NY counties receive their first opioid settlement payouts
Last year, New York joined a legal settlement with three distributors of prescription opioid pills: McKesson, Cardinal Health Inc. and Amerisource Bergen Drug Corporation. This week, New York counties received the first installment of the settlement money.
New York’s share of the settlement is $1.1 billion, which will be paid out in installments over the next 18 years.
New York Attorney General Letitia James said the money must be used to treat and prevent opioid addiction and overdose deaths.
“What I hear, as I traveled all throughout the state of New York, what I heard over and over again, was a need for more treatment beds, particularly in upstate New York,” James said.
James also underscored the need for overdose reversing drugs, like Naloxone.
The central New York region will receive $6.3 million in settlement funds in 2022. Onondaga County is set to see $3.7 million of that. Onondaga County Executive Ryan McMahon said opioid overdoses have increased in the county in recent years, and the pandemic played a big role in that.
"We were forced to shut down in-person activities related to treatment, and at the time there were enhanced unemployment benefits where some of our brothers and sisters who are facing addiction had more resources than what they normally had," McMahon said. "And because of that, we've seen what has happened. We've seen more people relapse, we've seen the loss of life. And now we have resources."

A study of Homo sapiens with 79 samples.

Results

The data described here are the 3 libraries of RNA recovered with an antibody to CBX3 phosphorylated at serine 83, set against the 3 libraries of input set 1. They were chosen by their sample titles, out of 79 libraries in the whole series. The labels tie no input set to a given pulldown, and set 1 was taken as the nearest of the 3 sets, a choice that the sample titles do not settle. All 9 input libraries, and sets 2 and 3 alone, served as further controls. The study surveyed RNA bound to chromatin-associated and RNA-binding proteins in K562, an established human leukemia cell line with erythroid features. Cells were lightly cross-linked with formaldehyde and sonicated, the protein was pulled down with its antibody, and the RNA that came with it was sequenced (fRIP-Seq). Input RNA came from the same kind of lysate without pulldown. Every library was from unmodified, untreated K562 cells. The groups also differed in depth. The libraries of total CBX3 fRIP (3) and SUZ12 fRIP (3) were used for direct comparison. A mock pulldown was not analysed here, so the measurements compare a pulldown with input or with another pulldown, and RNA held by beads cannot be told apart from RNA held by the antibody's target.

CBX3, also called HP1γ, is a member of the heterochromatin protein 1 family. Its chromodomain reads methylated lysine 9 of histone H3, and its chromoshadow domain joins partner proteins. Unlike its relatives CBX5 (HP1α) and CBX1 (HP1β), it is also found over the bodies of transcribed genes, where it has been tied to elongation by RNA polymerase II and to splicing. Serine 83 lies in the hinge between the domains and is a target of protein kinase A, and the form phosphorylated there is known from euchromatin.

The county reported Tuesday that there were 186 fatal opioid overdoses in 2021, a 19% increase over the previous year.
Within the Southern Tier, Chemung and Broome Counties have been hit particularly hard by the opioid crisis. The rate of opioid-related deaths and hospitalizations in those counties is significantly higher than the state average. They will receive a slightly larger share of the settlement money.
The Southern Tier region will receive about $4.8 million from the settlement in 2022. The initial payout on Tuesday totaled about $759,000 between Broome, Tioga, Schuyler, Stueben, Chemung, Chenango, Delaware, and Tompkins counties.
Some advocates have criticized the settlement, claiming the money won’t be enough to build up New York’s ailing mental health and addiction treatment programs.
James said there is more money coming soon. New York is set to receive settlement funds from five other opioid distributors and manufacturers, including Johnson & Johnson and Purdue Pharmaceuticals.